Unclaimed cremation urns containing the ashes of the duly departed are piling up all across Japan, left destitute and creating storage problems for the country as a result of weakening familial ties and economic pressures amidst the country’s rapid aging.

In Japan, the dead are usually cremated at public expense, and, as such, are identified and known. However, in most cases, relatives either refuse or ignore requests to collect the remains, due, in part, to burials being expensive and time-consuming, a burden that’ll fall on relatives who might barely know the departed.

The abandoned remains reflect the demographic, economic and social changes in the country, where more and more elderly are relying on welfare, and families are more scattered, resulting in frayed familial bonds and obligations.

The problem is also expected to worsen, as experts project that deaths in Japan will go up from 1.33 million annually to 1.67 million annually by 2040, even as the country’s population declines.

Yokosuka City, in the Kanagawa Prefecture, for example, got swamped with so many unclaimed cremation urns that it no longer had space in a 3-century-old charnel house that was about to crumble. Desperate to hold remains, it combined the ashes of different people into urns that it was forced to store in a hillside cave, with an additional 50 urns sitting at its city office.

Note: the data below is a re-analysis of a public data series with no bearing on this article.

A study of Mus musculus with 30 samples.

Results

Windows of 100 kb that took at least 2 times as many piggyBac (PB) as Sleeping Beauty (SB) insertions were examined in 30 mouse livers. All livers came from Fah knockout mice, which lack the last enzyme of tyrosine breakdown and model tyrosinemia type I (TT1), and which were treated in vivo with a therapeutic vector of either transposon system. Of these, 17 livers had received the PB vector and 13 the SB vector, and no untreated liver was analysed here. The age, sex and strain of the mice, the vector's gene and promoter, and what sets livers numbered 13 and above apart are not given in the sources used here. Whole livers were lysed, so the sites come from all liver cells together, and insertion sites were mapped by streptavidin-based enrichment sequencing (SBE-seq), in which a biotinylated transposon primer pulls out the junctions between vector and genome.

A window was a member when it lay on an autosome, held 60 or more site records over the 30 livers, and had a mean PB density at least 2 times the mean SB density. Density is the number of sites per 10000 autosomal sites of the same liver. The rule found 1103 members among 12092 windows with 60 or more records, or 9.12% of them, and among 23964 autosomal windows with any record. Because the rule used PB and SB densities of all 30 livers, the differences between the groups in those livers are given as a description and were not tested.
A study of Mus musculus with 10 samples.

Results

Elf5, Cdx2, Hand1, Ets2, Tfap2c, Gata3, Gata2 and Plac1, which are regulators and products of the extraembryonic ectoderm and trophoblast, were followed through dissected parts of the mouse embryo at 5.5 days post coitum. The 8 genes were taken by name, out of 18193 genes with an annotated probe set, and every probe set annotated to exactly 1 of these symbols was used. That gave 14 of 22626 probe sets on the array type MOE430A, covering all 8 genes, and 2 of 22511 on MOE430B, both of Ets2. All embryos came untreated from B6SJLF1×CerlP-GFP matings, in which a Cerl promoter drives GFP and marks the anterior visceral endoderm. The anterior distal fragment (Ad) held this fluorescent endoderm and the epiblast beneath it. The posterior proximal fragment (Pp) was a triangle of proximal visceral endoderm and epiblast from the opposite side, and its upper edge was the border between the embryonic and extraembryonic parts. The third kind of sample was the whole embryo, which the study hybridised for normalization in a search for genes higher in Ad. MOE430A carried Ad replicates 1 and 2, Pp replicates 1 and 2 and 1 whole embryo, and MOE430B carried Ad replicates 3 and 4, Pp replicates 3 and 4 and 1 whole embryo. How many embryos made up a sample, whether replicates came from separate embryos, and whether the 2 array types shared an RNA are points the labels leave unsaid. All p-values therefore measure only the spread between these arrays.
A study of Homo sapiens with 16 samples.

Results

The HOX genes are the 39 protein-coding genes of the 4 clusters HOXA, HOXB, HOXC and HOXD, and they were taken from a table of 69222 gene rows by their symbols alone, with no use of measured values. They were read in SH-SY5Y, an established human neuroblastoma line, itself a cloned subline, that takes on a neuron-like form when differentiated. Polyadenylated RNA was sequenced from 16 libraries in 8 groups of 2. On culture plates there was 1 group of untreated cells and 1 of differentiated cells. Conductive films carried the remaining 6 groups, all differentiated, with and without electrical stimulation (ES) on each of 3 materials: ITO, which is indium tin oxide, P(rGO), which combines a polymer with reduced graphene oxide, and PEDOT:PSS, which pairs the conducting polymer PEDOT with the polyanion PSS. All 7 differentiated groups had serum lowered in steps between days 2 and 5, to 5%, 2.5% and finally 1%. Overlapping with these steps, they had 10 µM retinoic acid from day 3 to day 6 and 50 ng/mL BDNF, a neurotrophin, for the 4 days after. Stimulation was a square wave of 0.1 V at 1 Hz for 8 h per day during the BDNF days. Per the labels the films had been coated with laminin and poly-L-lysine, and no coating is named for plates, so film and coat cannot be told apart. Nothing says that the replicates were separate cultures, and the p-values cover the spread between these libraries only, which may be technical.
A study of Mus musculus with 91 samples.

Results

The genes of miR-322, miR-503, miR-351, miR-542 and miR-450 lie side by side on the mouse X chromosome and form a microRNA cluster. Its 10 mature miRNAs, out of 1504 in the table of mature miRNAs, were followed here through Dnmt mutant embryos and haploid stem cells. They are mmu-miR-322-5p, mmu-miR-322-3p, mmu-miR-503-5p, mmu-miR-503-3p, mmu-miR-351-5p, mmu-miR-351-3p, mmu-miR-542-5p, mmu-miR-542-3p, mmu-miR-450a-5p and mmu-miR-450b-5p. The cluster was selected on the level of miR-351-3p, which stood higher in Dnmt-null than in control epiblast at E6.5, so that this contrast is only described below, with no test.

Japanese wages have barely climbed, which, on top of the fact that many of the children of the Japanese elderly were living on the same pensions themselves, meant that managing death costs, including arranging the burial, can be a huge burden.

According to sources from the death care industry, a traditional Japanese funeral, which include food, drinks, gifts for guests, as well as hiring a Buddhist monk to chant the sutras for the proper ritual, can cost at least 2 million yen ($17,800).

New businesses which offer no-frills funerals for $2,000 to $4,000, as well as government subsidies have tried to alleviate the costs, but with the number of elderly poor in Japan going up, this issue will continue to be a problem.

Government reports say that nearly 3% of the elderly in Japan were on welfare for 2015, which is double the rate compared to 2 decades prior.

Hisako Makimura, a visiting Professor of Sociology at Kansai University, say that there are more and more people dying alone, with no one to act as caretaker for their cremation urns and remains as Japan’s familial ties weaken, with couples having fewer kids and people moving further from home for their work.